Martin McGinn’s paintings at The Piper Gallery, in Fitzrovia, are visually attractive, if perhaps not conceptually heavyweight. His paintings depict art books and pages from art books – mostly of the coffee table picture book variety – against a background much like a table.
The Warhol is lying askance, the pretty / bubble-gum-sick contrast of pink and blue dominating the field, with a wedge of viridian at the top completing the effect. Very pop.
The Bauhaus book is all about reflection (in fact, many of the books are on reflective surfaces), set upon a glossy wooden table as one might find in a wealthy Mitteleuropeen office decorated tastefully with Marcel Breuer B3s. The reflection itself is a sensuous red that, jarringly, overrides the grain of the table; there is an odd horizon line that almost makes this look like an enormous poster advertising the Bauhaus, installed in a big field.
The Rothko book recalls the reds and orange-yellows, and scumbled textures, of the great man’s classic paintings.
The overall effect is likeable as art-on-the-wall. Furthermore, by emphasising and re-contextualising the visuals of these art books and catalogues, he makes us perhaps consider again those coffee-table books that fill our own shelves, and perhaps are rarely opened. In my reading of the works, his painting also emphasises the cheapness (in the sense of quality) of art books, their essence as mass-media, and perhaps even the slow irrelevance of even art-books in the digital age. Put it another way, these aren’t expensive, lovely, small-run books from obscure German presses – they are the “art for the masses” books found in a Waterstone’s.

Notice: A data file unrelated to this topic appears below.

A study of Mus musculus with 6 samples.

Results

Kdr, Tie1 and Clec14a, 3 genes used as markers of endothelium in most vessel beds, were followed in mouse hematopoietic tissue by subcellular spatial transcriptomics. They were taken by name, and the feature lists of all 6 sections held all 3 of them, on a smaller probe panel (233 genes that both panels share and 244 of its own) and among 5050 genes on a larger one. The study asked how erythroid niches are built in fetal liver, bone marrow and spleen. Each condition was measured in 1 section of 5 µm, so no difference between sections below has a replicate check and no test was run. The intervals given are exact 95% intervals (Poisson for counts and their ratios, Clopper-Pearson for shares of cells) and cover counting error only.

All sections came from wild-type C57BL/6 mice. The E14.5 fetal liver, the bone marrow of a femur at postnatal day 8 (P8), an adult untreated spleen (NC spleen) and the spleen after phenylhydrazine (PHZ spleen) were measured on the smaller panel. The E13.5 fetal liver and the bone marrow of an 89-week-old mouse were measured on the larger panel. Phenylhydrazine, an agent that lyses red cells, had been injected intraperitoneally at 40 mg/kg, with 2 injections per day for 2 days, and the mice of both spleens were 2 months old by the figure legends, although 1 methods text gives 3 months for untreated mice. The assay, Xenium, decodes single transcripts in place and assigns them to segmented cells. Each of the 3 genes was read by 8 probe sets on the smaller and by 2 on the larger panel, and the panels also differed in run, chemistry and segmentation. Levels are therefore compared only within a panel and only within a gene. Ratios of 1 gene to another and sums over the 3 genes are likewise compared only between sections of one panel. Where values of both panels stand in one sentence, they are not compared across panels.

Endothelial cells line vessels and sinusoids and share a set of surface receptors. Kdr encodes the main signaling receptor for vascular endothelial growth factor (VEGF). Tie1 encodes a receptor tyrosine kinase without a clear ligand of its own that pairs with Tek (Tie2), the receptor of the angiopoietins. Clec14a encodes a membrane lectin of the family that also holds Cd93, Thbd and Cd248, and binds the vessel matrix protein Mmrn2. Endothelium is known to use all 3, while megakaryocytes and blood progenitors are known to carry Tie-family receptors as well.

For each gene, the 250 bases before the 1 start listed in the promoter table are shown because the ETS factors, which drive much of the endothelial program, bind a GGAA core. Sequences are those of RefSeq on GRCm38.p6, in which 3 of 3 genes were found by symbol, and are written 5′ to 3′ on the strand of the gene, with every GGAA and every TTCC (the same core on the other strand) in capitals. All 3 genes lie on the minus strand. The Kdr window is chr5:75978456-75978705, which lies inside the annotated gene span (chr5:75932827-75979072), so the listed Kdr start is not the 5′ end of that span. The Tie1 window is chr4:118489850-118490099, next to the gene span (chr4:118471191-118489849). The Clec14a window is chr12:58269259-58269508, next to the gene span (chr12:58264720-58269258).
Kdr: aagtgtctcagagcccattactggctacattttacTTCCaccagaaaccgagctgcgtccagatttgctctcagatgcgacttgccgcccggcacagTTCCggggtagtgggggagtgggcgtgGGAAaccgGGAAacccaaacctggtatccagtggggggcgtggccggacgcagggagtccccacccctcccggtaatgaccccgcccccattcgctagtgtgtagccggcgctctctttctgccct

However, this is possibly reading more into the work than exists. I’d end by comparing him to other artists who work with the idea of a book: Steve Wolfe, Simon Morley, Carol Bove, and Matthew Higgs. Of these, I’ve only seen Steve Wolfe in person, and his meticulous reproductions of books – cover, spine, back – are lovely as objects, the more so that they are made out of cardboard, and are often produced using the same techniques actually used for book production. His work incidentally is also very visual, like McGinn’s, while the others above take a somewhat more conceptual approach. Bottom line, McGinn’s paintings are nice as paintings, but don’t really do much besides look good on the wall.